OAKLAND — The mood was somber at the Oakland police headquarters Saturday evening as city officials and leaders of the force gathered to talk to the media about the day's tragic events.
"We come together in shock, grief, sadness and sorrow," said a visibly shaken Mayor Ron Dellums.
"Our hearts go out the families," of the slain officers, he said "These officers left their homes tonight expecting to return but they did not. "
The police department's acting head sought to reassure the city — its officers were "doing a very good job of policing the city despite this tragic loss," said Howard Jordan, who took the job of acting police chief a few weeks ago.
"It is very unique and unusual to be in this position," he said. "This is not something I expected to do in my career at all."
But officers are resilient, he said. "We are a big family and we're relying on each other for support."
The speakers could only repeat the words of support for the officers and condolences for the families of the slain and wounded officers. The men "lost their lives in the line of duty," said department spokesman Jeff Thomason, an officer.
As the officials spoke, a traffic officer cried while being consoled by colleagues.
"This is unbelievable," said City Councilman Ignacio De La Fuente. "The officers were just doing their jobs to protect their community. ... They went in that building and paid the ultimate price. All of
There had been reports that passers-by taunted the investigating officers. "Sometimes, it is easier to criticize than to support our police officers. We should be thankful for the work they do every single day," he said.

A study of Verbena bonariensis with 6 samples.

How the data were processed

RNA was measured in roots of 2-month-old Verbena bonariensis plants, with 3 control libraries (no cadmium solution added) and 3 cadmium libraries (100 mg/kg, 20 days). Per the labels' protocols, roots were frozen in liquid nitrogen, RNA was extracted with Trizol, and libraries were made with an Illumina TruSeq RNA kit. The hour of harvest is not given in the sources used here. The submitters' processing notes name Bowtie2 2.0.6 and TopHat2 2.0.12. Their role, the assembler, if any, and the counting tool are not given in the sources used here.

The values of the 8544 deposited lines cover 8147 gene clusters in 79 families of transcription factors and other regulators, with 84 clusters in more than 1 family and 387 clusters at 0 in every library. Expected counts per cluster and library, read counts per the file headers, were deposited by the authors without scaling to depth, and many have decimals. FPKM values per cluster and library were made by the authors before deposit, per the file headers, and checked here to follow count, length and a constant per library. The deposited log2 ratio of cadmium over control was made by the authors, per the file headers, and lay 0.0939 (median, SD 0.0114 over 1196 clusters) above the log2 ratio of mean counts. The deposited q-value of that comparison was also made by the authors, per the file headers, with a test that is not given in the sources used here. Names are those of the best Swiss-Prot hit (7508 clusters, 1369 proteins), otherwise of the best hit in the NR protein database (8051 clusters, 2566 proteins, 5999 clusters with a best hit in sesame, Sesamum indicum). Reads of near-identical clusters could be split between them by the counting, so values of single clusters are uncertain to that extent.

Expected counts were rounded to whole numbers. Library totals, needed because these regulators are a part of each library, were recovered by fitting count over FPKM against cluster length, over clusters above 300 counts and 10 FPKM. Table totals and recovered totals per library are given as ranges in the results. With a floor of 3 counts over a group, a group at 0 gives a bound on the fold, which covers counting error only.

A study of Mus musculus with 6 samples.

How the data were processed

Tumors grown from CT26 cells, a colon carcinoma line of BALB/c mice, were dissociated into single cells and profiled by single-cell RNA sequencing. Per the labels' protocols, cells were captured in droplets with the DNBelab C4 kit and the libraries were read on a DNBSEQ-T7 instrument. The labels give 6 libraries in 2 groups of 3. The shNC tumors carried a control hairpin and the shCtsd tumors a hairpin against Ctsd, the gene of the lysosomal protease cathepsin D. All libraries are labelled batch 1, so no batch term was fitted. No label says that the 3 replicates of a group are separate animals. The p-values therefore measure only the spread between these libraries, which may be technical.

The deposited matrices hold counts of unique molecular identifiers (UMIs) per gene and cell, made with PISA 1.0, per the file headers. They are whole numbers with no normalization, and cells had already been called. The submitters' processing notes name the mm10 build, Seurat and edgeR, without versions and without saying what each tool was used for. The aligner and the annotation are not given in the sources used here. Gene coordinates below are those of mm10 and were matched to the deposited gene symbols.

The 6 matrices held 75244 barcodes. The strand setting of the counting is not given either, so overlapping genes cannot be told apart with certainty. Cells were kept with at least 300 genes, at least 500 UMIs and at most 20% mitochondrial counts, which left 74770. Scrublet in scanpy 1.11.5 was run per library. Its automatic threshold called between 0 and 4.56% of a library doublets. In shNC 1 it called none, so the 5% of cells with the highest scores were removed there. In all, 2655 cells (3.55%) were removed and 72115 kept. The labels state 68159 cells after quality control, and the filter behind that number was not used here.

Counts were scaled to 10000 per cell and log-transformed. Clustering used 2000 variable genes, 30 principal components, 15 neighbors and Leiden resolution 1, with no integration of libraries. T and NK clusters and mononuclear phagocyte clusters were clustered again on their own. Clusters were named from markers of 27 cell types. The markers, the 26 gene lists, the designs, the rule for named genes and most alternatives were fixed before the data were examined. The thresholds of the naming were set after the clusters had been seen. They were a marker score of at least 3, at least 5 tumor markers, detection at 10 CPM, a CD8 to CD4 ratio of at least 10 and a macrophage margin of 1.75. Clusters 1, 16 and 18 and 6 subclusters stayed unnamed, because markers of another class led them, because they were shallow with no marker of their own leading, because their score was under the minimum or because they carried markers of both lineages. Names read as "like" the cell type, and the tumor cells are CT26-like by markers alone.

The suspect in the officers' slayings was a recent parolee and state Attorney General and former Oakland Mayor Jerry Brown commented privately on the difficulty of keeping track of them.
"The whole system needs to be revised. I know we're in the middle of cutbacks, but thousands of people are let out every month," he said.
Officers at the nearby Oakland Police Officers Association headquarters cordoned off the building and blocked parts of the street, permitting only officers, friends and relatives to come inside. They could be seen consoling one another outside.
Gov. Arnold Schwarzenegger expressed his sorrow in a prepared statement.
"This is a tragic day for law enforcement officers everywhere. All four officers dedicated their lives to public safety and selflessly worked to protect the people of Oakland. Maria and I join the Bay Area in remembering their service and honoring their sacrifice."
"Our thoughts and prayers are with the families of those lost, the Oakland Police Department and law enforcement officers throughout California during this difficult time."
In honor of the officers, Capitol flags will be flown at half-staff, he said.